Five Things that Make a Good Medical Thriller


Five Things that Make a Good Medical Thriller

It might seem like anyone can write a medical thriller – you just need a computer and an imagination, after all. But, in reality, the medical thriller genre is a genre primed for the trite, the cheesy, and the downright ridiculous. In other words, not every novel is a bestseller (or, really, a seller at all).

It’s simple – there are certain things an author must possess to write effectively in any area. But, because medical thrillers involve more intricacies and technicalities than other specialties, it’s a category that requires a certain finesse and a lot of knowledge.

Ultimately, five things that make a good medical thriller include:

  1. In-Depth Comprehension: There’s an old adage in the writing world – “Write what you know.” This hold true no matter the plotline. It’s the reason people like John Grisham, a lawyer by trade, writes so accurately about law. Of course there are exceptions – Stephen King probably doesn’t have real life experience with dead pets that come back to life – but, overall, an author needs to know what they’re talking about.

    Medical thrillers must involve in-depth comprehension of medicine and comprehension of viruses, anatomy, and scientific possibilities (as well as limitations). Authors like Robin Cook and Tess Gerritsen are retired physicians – this helps them write so convincingly. It comes down to the adage again. Either write what you know or people will know that you’re clueless.

  2. Not too Much Technical Jargon: As important as medical knowledge is, there can be too much of a good thing. This is especially true in regards to overtly technical language or complicated concepts – people turn to medical thrillers to escape, the find entertainment, to enjoy their downtime; they don’t turn to them to revert back to high school biology. Some people reading medical thrillers may be well versed in the area, but the majority of people don’t know mitosis from meiosis. A good writer considers this and focuses on writing a novel, not a textbook.
  3. The Introduction of Relatable Characters: Some elements that make a good medical thriller are across-the-board elements that make a good book regardless of genre. One of these is the introduction of characters who are relatable – they need to be people readers enjoy. Readers don’t need to love them, per say, but they need to feel something (even if it’s contempt). A story that keeps moving forward is also instrumental. Plots that are too slow, too convoluted, or too predictable leave the reader disappointed. There needs to be some complexity (and not everything that happens needs to be shocking), but there must be some elements of ease and surprise.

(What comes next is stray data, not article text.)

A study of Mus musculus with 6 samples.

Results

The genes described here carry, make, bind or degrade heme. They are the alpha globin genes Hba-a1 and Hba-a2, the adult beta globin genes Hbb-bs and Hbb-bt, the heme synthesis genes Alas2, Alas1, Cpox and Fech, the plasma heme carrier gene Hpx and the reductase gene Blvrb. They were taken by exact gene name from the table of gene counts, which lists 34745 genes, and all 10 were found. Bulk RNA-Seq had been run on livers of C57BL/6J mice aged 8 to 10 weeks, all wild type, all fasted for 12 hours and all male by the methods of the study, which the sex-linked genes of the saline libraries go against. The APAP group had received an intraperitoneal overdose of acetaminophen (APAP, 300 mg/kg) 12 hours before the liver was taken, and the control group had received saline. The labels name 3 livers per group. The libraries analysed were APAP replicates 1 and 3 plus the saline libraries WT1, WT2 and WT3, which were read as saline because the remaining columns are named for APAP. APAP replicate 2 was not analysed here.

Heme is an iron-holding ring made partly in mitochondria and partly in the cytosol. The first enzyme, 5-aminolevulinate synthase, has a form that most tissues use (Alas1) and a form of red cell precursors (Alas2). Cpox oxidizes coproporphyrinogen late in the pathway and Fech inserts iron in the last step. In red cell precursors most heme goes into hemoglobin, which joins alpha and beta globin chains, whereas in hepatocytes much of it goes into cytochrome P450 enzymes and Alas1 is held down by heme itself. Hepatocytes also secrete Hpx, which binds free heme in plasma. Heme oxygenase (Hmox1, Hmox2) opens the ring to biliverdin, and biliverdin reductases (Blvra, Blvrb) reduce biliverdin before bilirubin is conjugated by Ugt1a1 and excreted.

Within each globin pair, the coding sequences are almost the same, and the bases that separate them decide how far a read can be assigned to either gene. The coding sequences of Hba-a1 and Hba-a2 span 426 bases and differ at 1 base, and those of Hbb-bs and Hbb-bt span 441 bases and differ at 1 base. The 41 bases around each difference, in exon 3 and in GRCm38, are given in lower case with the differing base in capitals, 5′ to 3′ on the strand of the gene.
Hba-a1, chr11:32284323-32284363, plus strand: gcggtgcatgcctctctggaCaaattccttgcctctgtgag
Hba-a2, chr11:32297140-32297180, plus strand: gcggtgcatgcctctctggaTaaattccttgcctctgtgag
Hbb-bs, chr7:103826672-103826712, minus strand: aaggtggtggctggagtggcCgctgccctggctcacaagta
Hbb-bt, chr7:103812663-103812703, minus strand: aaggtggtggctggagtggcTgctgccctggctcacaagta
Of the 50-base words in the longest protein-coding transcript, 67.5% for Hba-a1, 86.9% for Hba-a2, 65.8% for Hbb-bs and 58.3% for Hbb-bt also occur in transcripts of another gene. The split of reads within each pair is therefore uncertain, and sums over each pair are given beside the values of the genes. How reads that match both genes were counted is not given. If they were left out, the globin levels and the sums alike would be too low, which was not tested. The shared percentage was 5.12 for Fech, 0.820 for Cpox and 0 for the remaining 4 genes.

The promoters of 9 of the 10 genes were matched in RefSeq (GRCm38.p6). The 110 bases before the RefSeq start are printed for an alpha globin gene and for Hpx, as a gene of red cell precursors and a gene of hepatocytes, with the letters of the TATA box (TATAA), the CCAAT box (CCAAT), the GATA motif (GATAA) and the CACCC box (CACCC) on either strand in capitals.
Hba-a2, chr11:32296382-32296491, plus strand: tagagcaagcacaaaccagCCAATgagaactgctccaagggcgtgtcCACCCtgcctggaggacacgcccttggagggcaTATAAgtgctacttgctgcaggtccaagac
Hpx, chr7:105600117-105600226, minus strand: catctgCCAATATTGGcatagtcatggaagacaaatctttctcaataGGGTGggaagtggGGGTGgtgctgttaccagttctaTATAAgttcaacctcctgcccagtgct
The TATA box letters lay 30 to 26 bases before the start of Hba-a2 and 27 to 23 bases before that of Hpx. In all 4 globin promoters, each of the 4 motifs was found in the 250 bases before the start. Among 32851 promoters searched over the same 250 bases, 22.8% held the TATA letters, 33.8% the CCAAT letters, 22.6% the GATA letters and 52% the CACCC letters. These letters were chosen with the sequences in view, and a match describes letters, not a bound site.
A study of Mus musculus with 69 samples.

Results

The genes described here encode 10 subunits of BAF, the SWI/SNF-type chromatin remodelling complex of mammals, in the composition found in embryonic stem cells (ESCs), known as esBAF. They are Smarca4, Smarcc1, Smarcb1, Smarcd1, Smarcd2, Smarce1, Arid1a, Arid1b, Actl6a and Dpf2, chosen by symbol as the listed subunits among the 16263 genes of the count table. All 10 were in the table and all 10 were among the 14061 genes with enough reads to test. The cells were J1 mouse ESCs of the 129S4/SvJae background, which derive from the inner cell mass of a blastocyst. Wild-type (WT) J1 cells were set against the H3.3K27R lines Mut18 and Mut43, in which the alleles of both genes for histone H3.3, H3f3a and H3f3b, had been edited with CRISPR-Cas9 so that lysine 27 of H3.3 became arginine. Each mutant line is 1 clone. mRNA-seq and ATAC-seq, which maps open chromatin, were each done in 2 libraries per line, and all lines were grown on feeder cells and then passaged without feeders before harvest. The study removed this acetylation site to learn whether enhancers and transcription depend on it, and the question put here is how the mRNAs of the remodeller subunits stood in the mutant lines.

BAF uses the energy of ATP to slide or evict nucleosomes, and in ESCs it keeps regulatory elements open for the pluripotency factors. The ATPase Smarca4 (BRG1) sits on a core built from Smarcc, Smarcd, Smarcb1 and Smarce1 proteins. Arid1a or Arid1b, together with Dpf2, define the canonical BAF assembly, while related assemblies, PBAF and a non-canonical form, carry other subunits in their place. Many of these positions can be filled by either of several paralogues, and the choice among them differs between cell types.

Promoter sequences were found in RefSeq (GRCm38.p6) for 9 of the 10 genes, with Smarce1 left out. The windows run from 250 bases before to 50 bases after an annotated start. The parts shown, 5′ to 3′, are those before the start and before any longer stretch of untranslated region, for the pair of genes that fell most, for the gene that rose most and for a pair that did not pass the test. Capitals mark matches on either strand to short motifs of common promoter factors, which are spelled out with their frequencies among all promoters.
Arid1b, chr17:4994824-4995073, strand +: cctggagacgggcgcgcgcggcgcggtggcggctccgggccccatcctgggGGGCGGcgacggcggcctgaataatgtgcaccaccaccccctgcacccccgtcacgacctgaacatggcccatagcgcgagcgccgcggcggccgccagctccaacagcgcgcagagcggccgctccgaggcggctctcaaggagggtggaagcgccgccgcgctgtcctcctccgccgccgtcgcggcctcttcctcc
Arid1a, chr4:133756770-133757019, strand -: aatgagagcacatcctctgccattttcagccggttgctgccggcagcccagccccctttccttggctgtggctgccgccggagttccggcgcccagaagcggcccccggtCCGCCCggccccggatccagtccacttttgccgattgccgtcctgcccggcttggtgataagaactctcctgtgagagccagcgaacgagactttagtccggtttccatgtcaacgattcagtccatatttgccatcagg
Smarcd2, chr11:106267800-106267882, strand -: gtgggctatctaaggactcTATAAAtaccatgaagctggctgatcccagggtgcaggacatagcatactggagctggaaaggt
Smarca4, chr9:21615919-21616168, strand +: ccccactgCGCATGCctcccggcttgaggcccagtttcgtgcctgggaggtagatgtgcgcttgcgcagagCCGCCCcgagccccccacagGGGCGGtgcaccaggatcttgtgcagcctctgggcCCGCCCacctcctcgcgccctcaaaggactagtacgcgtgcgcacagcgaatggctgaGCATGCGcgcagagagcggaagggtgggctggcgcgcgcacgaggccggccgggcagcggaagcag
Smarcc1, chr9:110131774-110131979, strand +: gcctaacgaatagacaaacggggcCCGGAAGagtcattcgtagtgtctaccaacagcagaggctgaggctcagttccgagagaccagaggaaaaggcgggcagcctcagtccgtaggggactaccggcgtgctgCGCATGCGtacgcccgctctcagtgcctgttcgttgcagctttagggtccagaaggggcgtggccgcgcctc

4. Originality: One of the difficulties of writing a medical thriller is that a lot of things have been done before – contagious viruses, bioengineered bacteria, criminal doctors who not only take your insurance but your organs too. Rewriting the same plot isn’t often effective: readers thirst for something that’s never been done. The good news is medicine is an ever-evolving field and that opens the doors for novelists. Genetics, for instance, is a field that has exploded in the last decade. One thing that’s attractive to readers who love medical thrillers? Clones.
  5. Enjoyment of the Story: The seasoned reader is very attuned to whether a novelist actually enjoyed writing their novel (or did it begrudgingly as part of a contract). A good medical thriller is exciting and suspenseful, but it’s also fun. The enthusiasm of the writer dances off the pages and into the reader’s imagination. The pages are well crafted and designed to leave the reader wanting more.

Perhaps that’s the number one thing that makes a good medical thriller: the reader knows they need to go to bed but they keep telling themselves, “Five more minutes.”